The Importance of Student Blogs
It has been more than a decade since I first taught a group of students.
Some things tire with age, teaching not being one of them. Yes, I’ve taught in a wide variety of places, China, Thailand, Morocco, Ukraine, Indonesia, and now Switzerland. What truly defines the culture of the classroom has little to do with local cuisine, and much more to do with the allotment of time to student voice.
This week, I launched a Genius Hour with my grade 9 English class. Essentially, students were directed to find some source of inspiration from our school library. The Google Slides I used for this lesson are available here.
You’ll notice that many of those slides have been influenced by the genius that is Austin Kleon.
From there, students took roughly 20 minutes to complete a few visual note taking routines to help them formulate a guiding question to use for their blog post. In pairs, one student dictated the notes they took during Genius Hour to a buddy. It was the buddy’s job to visually illustrate what they were hearing. In combination with a See, Think, Wonder activity, the student bloggers were then well on their way to asking a good question.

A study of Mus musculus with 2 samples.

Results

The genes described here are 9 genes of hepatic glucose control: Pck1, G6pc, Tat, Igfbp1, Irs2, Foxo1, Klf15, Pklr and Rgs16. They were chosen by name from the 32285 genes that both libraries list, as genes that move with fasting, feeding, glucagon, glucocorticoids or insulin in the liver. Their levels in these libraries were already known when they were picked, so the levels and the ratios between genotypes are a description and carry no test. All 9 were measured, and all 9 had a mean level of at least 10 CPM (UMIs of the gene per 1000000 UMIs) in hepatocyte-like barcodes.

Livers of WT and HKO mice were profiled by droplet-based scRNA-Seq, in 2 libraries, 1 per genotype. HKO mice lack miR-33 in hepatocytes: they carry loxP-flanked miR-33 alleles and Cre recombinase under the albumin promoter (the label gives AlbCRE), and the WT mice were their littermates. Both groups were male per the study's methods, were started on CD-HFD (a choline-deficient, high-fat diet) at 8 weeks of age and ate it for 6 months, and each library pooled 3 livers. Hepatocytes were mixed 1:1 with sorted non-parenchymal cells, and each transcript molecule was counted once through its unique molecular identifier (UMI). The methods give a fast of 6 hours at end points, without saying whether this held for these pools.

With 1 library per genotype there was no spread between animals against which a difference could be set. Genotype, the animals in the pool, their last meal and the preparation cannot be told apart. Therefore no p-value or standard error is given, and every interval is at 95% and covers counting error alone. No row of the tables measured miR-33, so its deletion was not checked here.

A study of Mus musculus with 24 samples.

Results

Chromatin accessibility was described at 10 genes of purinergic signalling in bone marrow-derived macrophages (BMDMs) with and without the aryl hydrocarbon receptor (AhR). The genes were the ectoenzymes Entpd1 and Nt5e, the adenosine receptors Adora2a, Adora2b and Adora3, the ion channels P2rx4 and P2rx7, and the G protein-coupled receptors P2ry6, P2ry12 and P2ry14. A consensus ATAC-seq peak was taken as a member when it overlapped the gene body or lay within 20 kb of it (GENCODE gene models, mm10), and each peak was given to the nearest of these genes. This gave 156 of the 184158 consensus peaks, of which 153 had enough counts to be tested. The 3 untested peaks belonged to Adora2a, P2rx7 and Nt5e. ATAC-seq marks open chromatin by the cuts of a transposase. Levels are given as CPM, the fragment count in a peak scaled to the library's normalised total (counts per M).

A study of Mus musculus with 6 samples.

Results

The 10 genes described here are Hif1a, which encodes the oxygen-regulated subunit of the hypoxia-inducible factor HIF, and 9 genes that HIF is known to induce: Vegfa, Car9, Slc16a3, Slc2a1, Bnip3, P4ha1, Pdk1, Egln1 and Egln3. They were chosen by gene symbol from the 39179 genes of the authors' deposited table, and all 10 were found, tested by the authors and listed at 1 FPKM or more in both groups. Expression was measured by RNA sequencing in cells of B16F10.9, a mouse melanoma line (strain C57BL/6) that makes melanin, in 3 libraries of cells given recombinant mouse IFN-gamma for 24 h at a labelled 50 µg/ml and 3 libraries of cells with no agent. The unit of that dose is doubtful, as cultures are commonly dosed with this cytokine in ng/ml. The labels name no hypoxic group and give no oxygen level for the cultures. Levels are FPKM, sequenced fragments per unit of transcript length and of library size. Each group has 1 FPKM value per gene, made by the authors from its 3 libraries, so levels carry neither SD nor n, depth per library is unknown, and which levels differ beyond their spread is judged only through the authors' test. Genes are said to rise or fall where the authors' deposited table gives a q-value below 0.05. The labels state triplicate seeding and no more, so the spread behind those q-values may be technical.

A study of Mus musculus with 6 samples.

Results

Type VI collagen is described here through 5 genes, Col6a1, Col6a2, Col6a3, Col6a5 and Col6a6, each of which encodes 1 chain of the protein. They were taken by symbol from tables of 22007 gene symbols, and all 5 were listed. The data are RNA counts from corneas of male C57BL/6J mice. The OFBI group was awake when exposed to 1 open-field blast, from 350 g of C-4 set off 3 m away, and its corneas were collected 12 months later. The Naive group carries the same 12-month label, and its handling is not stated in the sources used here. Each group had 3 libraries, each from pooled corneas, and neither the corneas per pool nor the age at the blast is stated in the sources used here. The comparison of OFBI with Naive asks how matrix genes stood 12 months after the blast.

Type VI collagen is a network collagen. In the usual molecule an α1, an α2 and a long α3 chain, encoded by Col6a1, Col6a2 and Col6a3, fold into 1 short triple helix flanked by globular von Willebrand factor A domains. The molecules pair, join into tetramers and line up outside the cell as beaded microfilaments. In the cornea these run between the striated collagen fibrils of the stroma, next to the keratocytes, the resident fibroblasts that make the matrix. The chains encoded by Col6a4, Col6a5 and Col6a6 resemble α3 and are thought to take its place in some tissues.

What were some of the questions asked?
All good questions, right?
So much is talked about in regards to inquiry based learning.
How well developed is our conversation in regards to allowing students the time and space to openly pursue lines of personal inquiry? If we truly believe that curiosity, wonder, and awe-seeking experiences can drive and motivate students, shouldn’t we do more to make room for it to organically take place?
Student blogging is a great garden to tend to when it comes to inquiry-enabling. Thanks to my PLN, I’ve been privy to an ongoing discussion that educator Jabiz Raisdana continues to put out there (here?). Check out the fantastic things he has to say about student blogging available here.
A few years back I was fortunate to work with Sonya ter Borg. Her free eBook ‘Imagine A School’ is so frequently on my back burner. It is an amazing book, one that I think should be discussed wherever learning is taking place.
As we continue to re-imagine our schools, I hope we make a point to ‘learn in the open,’ with our students. If we aren’t getting out of their way, and allowing our students to practice constructing and generating their own paths of inquiry, the trail ahead will not be full of the trail blazers we so dearly need.